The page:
Written by Bill Waltenbaugh, as originally published in The Reverse Review.

I once had a compliance inspection that had to be completed while my parents were visiting. Wanting to get the inspection out of the way, I scheduled the appointment for as early as possible. To take advantage of the time my parents were in town, I asked my father to accompany me on the inspection. When we arrived at the property it was too dark to take photos, so we parked at the end of a long driveway and waited for the sun to come up.

Several years earlier my dad had a heart valve replaced. Now, I don’t know much about mechanical valves but I do know they make a rhythmic ticking sound very much like a clock or metronome. Believe it or not, when it’s quiet, one can clearly hear the sound of my father’s heart at work.

While we were sitting in this driveway, waiting for the sun to come up, I heard my father’s heart working… tick… tick… tick. After a few minutes, I looked over and asked, “Does that sound ever bother you?” He responded, “What sound?” I said, “The sound of your heart ticking!” He just smiled and replied, “It sounds good to me!”

Our opinions and interpretations are often the result of our life experiences. However, our outlook may change when we take the time to consider things from another person’s perspective. Hearing a constant ticking might be bothersome to some, but to others it’s a sweet, sweet sound.

When it comes to valuing a property for mortgage lending, one’s success depends upon the success of others. The appraiser needs the client, the client needs the appraiser and the AMC needs both. Without each other, we have nothing. However, probably now more than ever, it seems like everyone is at their wits’ end with one another. The appraisers are frustrated with the lenders, the lenders are frustrated with the appraisers and both are frustrated with the AMCs.

Appraisers often feel like they are being stipulated to death. Standard guidelines are expanding and lenders keep adding more specific requirements and requests. If it’s not an extra comparable, it’s an extra photo, comment or addendum. Justifiably, appraisers feel like they are required to provide more and more for less, and without extra turnaround time.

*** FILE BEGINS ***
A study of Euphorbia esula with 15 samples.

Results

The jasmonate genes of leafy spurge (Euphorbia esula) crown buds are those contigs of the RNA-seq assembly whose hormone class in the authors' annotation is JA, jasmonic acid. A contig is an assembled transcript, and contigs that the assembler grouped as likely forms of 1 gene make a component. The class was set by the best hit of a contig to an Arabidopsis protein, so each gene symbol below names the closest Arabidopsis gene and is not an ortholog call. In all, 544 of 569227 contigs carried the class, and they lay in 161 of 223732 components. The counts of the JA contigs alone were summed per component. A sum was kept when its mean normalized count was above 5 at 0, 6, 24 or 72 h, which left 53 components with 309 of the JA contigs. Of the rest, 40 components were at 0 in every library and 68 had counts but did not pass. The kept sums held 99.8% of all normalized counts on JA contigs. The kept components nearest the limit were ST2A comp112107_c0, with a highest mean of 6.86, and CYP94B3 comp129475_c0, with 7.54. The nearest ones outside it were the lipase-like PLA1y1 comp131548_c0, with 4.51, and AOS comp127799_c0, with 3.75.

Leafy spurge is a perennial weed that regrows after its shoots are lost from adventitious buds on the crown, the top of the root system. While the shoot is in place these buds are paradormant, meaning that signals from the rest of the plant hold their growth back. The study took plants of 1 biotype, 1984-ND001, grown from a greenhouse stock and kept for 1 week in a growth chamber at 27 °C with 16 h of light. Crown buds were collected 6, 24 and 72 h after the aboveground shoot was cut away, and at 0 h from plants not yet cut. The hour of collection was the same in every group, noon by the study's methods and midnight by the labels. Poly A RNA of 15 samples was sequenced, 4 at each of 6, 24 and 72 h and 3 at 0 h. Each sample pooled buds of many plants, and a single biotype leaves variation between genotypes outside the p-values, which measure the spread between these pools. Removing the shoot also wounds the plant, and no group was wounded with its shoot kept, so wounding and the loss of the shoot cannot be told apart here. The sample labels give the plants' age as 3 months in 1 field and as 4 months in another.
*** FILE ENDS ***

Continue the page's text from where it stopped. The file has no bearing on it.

On the other hand, given the current regulatory environment, lenders are being extra vigilant. They need to make sure all the i’s are dotted and all the t’s are crossed. To accomplish this goal both automated and manual processes, such as AVMs and desktop reviews, are being used to check every report for reliability. The more processes and eyes used to examine a report, the more questions and concerns will be raised.

As the chief appraiser at Kirchmeyer & Associates, a national AMC, I have the opportunity to see both sides of the story. As an appraiser, I can relate to the frustrations of the position. As an authorized agent to the client, I also understand the concerns of the lender. When I take the time to examine a concern or request from both sides, I can easily relate to the frustrations of both. What seems simple and trivial from one perspective is actually a major concern to the other.

So what is the solution? The short and simple answer is communication and common sense. But just because a solution is simple, doesn’t make it easy to implement. With all of the new rules and regulations, appraisers are being extremely cautious. As such, stalemates can occur over the most trivial things. I’ve managed disagreements over adjustments that didn’t even have an impact on the final value. Everyone is so caught up in being correct, they lose sight of the overall purpose of the assignment.

I’m not sure things are going to get better any time soon. Everyone is still too concerned with covering his or her own assets. However, if we’re ever going to get past the current hypersensitivity prevalent in the industry, we need to start understanding and appreciating each other’s perspectives.